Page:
According to market sources, the much awaited, mid-range, built-for-developing-markets BlackBerry Q5 will launch in India on 16 July and should come with a price tag of around Rs 25000, in line with pricing in markets like Malaysia where the smartphone will be available in stores from 15 July.
The Q5, which sports a physical QWERTY keyboard, has been eagerly awaited by BlackBerry fans in India since the premium full-touch BlackBerry Z10, and the recently launched premium QWERTY Q10, whose chassis is carved out of a block of cold-forged steel and where premium materials are used, were both priced at the highest end of the market in India. This left BlackBerry users who wanted to move to BlackBerry 10, but at an affordable price, with no options.
The BlackBerry Q5 may be a mid-range phone that feels solid though it is made primarily of plastic, unlike the metal-heavy Q10, but it shares many of its innards, especially the critical parts, with its premium sibling, the Q10. The display on both the BlackBerry QWERTY siblings are 3.1-inch screens with 720 x 720 resolution at 329 pixels per inch (PPI), though the Q5 being cheaper sports a LCD TFT panel as opposed to the Q10’s gorgeous Super AMOLED. The siblings also share the same processor, the Qualcomm Snapdragon S4 with 1.5 GHz dual-core CPUs.
To ensure that BlackBerry 10.1 runs smoothly, both also share the same 2 GB RAM, while internal Flash memory on the Q5 is only 8 GB, as opposed to 16 GB on the Q10. One important aspect of the Q5 is that the 2180 mAH battery is non-removable in order to keep manufacturing costs low, but a hot-swappable microSD slot is included to expand memory by up to 64 GB. Incidentally, that means the Q5 has a better capacity battery on paper than the Q10, and should deliver better battery life than the Q10, which in our tests lasted over a day on 3G networks with Wi-Fi usage .
The Q5 weighs in at 120 gms, and sports a 5 megapixel camera at the back with flash, and a 2 megapixel front shooter. Although the Q10 has a better camera with more features, the cool Time Shift feature which should be a hit with youth is on the Q5 too. And another thing young people will love is the Q5 in red and white and also a pink colour which is slated to come later this year. And for mid-level corporate types, there’s always the standard BlackBerry black.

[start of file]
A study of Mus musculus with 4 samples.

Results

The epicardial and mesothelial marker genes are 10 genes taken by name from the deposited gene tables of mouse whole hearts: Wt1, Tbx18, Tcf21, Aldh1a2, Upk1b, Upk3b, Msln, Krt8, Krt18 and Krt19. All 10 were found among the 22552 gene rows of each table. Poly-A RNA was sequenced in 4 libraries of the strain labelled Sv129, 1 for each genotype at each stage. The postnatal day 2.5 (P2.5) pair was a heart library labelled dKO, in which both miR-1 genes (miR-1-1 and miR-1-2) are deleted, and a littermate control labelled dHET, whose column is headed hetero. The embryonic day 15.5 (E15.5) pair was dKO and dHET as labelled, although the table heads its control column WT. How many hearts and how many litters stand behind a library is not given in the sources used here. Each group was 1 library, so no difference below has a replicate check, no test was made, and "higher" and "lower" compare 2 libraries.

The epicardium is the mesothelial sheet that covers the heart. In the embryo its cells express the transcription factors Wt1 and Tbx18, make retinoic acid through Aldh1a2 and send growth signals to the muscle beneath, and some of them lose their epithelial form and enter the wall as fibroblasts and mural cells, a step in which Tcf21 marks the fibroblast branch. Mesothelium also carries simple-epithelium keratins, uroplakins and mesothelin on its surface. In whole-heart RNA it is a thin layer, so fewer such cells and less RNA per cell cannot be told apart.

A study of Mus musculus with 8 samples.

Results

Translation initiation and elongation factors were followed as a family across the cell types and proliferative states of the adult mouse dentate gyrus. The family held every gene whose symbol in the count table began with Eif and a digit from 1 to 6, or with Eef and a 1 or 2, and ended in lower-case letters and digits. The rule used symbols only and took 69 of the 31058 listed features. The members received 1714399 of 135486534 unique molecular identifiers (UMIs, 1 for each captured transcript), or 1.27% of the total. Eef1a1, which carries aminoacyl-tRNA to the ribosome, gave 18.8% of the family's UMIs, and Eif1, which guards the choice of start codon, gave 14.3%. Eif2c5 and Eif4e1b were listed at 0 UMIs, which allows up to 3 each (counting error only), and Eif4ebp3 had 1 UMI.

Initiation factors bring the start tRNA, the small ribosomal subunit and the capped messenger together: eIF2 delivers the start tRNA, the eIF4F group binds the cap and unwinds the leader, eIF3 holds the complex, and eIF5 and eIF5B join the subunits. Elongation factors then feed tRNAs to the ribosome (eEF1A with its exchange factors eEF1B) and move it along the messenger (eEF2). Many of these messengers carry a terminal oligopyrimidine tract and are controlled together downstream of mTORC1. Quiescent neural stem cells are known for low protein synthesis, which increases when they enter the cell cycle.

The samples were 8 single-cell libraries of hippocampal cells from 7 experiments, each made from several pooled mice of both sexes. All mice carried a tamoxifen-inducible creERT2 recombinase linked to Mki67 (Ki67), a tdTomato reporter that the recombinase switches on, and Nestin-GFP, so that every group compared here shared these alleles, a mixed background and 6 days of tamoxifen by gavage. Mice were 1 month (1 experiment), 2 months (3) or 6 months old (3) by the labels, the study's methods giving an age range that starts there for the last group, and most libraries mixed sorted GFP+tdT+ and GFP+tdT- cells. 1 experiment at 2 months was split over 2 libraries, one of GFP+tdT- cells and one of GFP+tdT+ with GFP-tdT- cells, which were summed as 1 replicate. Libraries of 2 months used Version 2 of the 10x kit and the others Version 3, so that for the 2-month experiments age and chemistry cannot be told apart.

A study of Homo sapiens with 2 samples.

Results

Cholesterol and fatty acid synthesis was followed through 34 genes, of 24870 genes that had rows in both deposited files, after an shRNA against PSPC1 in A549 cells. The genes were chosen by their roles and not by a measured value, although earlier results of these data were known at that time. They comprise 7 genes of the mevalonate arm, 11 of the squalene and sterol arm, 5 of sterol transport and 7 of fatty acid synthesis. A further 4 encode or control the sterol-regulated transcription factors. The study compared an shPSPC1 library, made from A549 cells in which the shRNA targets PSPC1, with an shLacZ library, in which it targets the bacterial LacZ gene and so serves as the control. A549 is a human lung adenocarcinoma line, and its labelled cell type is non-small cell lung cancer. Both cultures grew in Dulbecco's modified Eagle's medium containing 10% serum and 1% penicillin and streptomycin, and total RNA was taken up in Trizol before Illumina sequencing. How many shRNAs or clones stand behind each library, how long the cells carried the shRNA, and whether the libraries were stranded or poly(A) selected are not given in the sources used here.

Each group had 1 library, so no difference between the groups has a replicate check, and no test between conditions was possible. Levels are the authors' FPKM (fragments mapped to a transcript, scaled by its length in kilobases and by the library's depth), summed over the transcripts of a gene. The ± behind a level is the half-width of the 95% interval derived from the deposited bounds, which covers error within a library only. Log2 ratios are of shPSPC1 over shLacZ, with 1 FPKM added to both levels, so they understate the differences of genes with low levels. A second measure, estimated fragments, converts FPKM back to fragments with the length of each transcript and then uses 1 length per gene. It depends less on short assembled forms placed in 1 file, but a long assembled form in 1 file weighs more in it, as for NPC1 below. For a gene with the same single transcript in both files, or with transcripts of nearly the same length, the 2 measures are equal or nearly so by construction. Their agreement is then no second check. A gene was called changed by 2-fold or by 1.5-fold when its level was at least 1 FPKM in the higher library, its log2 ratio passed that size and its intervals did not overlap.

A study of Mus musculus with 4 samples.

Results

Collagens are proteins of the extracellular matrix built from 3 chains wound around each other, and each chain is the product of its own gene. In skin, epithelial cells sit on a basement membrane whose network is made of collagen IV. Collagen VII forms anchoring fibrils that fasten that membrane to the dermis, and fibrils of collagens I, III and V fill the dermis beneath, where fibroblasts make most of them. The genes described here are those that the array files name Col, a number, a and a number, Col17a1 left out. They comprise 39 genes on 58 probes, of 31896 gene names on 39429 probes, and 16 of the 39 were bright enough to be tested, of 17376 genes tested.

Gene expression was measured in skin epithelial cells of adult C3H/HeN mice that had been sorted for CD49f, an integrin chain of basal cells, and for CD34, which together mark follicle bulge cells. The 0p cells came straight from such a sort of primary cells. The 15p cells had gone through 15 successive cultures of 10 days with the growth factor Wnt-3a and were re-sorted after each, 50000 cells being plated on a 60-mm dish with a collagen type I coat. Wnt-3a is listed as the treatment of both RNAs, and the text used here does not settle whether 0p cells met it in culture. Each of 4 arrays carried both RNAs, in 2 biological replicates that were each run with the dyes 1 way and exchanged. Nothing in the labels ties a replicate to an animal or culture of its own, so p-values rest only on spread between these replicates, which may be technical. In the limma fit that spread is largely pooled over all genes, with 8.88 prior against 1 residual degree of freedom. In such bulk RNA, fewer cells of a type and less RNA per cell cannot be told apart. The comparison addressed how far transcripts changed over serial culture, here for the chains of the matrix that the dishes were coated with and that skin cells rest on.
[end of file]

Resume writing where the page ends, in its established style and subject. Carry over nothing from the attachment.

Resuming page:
The 3G smartphone is also being touted as 4G LTE ready, but it won’t work with Reliance’s awaited 4G LTE launch which is expected in this financial year, as the 2300 MHz LTE band that will be used in India is not supported. However, when you roam in the West, you should get blazing fast data speeds. Sensors on board include an accelerometer, a magnetometer, a proximity sensor, a gyroscope and an ambient light sensor, besides a built-in digital compass.
Also expect BlackBerry to provide goodies like the complete MapMyIndia suite for free like they did with the Z10 to make up for the lack of BlackBerry Maps in India and the lack of an official Google Maps app. Though to be honest, Google Maps works well on the great BlackBerry 10 browser and users can also side load the Android app quite easily, as also other popular Android apps (Instagram, Flipboard, etc) that are not yet available for the BlackBerry 10 platform. Incidentally, BlackBerry 10 today features over 120000 apps on offer officially through BlackBerry World.
For corporate security requirements, the Q5 will also feature the security enhancements available on BlackBerry 10, including BlackBerry Balance with secure work profiles, separated right at the OS layer. And on the office suite side, the full-featured Docs to Go, which works great with the latest versions of Microsoft Office should also be available for free.
The big question though would be whether the expected price tag of around Rs 25000 would be seen as too expensive for a very price-sensitive market like India where Android smartphones with far better specs on paper retail for lesser. Will BlackBerry be able to convince buyers about the holistic BlackBerry 10 solution that includes best-in-breed security and great productivity and Office tools, albeit with far, far lesser apps than Google Play boasts of?
Plus, at a time when QWERTY keyboards have gone out of fashion in developed markets and slowly seem to be going out of fashion in India as well as rich media consumption increases, would BlackBerry have been better off with launching a ‘Z5’ – a cheaper version of the all-touch Z10, rather than the Q5?
Whichever way it goes, and even if a ‘Z5’ is waiting in the wings, the Q5 will be key for BlackBerry’s fortunes in India. BlackBerry’s built-for-developing-markets BlackBerry 10 smartphone has to do well in India— among the largest developing markets in the world, if BlackBerry has to gets its mojo back.